Links to the Atlantic Canada Arts Education Curriculum Outcomes: Drama
- Students will be expected to respect the contributions to the arts of individuals and cultural groups in local and global contexts, and value the arts as a record of human experience and expression.
- use drama to record and influence ideas, feelings, and events
- Students will be expected to apply critical thinking and problem-solving strategies to reflect on and respond to their own and others’ expressive works.
- describe their feelings and ideas about their own drama and the work of others, using a given set of criteria
- explore various solutions to challenges relating to their drama work
Brief Overview of the Lesson:
The class will perform a variety of scenarios about a teen who wants to buy a trendy pair of designer jeans. In small groups, the students create the dialogues for their presentations, making up possible conversations that may occur between the teen and their family members. After each performance the class will talk about what happened, discussing what made good financial sense and how changing the dialogues and the reactions of the people involved could have produced a different ending (e.g., what was said that was helpful, what was said that influenced the outcome, etc.)
Estimated Time Required for Implementation:
Two copies of the scenarios handout, and, if available, some props for the performances.
Suggested Implementation Strategy:
- Before the period starts, copy and cut up the scenarios.
- Begin the class by asking the students if they have financial discussions with their parents and how often. Ask the students if they have ever asked their parents to pay for something that they wanted to buy and their parents said “no.” Ask for an explanation as to why they think their parents said “no.”
- Arrange the class into groups of four. Explain that each group will be given a scenario to portray. They are to assign the roles in the performance, create a dialogue between the family members, and practise their performance.
- Give each group one of the scenarios. Some groups will have the same scenario. This will allow for a different perspective of the same scenario. N.B. The four scenarios (times 2) require 32 students; the teacher may need to adjust the number of scenarios used to allow all the students in the class to participate.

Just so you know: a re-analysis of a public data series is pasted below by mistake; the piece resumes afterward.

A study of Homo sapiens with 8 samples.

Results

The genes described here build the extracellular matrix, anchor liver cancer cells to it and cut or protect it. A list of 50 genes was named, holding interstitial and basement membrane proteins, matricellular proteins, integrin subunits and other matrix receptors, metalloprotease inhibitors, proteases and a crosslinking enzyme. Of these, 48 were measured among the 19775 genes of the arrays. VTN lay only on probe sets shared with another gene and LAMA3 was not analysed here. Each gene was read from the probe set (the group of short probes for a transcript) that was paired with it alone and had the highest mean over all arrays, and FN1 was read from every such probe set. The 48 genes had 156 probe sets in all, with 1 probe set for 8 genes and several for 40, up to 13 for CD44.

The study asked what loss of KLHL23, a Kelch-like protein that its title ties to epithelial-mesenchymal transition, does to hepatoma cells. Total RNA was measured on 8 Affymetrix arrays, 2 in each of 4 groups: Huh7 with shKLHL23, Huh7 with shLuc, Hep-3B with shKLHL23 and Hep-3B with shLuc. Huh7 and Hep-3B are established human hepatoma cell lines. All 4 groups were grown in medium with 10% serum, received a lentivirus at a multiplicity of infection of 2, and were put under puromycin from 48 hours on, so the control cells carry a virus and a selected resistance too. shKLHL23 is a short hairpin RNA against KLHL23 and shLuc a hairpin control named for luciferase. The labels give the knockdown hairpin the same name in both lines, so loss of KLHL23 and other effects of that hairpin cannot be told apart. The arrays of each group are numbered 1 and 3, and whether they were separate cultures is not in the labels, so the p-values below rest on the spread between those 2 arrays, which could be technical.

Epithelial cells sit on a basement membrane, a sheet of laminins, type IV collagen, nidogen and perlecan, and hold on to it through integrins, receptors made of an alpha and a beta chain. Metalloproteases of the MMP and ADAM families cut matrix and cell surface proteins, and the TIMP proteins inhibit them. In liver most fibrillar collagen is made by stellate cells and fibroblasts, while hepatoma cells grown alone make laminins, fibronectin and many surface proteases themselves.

- Allow time for creating and practising, and then ask each group to perform.
- After each presentation, ask the students what they think of the financial decisions that were made, which conversations were positive, and what could have been said differently.
- Ask the students what they learned about making financial decisions and interacting with family members. Ask what they are likely to do differently in the future?
Possible Links to the Home Program:
- Ages 11–13 – What kind of spender are you?
- Ages 11–13 – Decisions and Advertising
Extended Learning Opportunities:
Write a dialogue between a teen and their parents. The teen is asking for money for a new pair of trendy designer jeans that cost $99. The parents say that they cannot afford it and tells the teen they have enough jeans anyway. The teen yells angrily at the parents telling them they never understand the necessity to have the newest clothes; the teen stomps out of the room. The little brother hears the yelling and starts to cry. The mother is frustrated and says that the teen thinks they are so hard done by and just doesn’t understand the family finances. The father says that their teen is too concerned about image and “Keeping up with the Joneses.” The father shakes his head and tells the mother that he just doesn’t understand teenagers.
Write a dialogue between a teen, an older sibling and their parents. The teen is asking for money for a new pair of trendy designer jeans that cost $99. The parents say that $99 is a lot to pay for jeans. The older sibling bought a pair with their own money, and says that they are so cool. The teen says that they really want the jeans and is willing to pay half from their own savings. The parents still try to convince the teen that the jeans are too expensive. The older sibling speaks up and suggests taking the teen shopping to see if they can find a sale. The parents like the idea, and, if they cannot find a better price, they, the parents, will pay half of the cost.
Write a dialogue between a teen and their parents. The teen is asking for money for a new pair of trendy designer jeans that cost $99. The parents walk in holding the hand of their teen’s younger sibling. They say that money doesn’t come easily and that the jeans cost a lot of money. They suggest the teen must earn the money. The teen suggests doing extra chores around the house to earn the money. The parents suggest that baby-sitting the younger sibling on Saturday night would be a good start to earning some extra money. The teen agrees and they sit down to decide on other chores that could be taken on to make money.
Write a dialogue between a teen and their parents. The teen received some money as a birthday present from the grandparents. In walks an older sibling. The teen tells them that they want to buy a new trendy pair of jeans that cost $99. The older sibling tells them that they just earned $25 by doing nothing! The teen asks how the older sibling made money without doing anything. The older sibling says, it was easy, the money in my bank account earned me $25 in interest. The older sibling says that there is a sale on at the mall and offers to take the teen to get the jeans. The teen says great, but don’t take me to the store, I think I would like to go to the bank instead and deposit my birthday money into my bank account. I would like to earn money for doing nothing too! The older sibling gives the teen a high-five!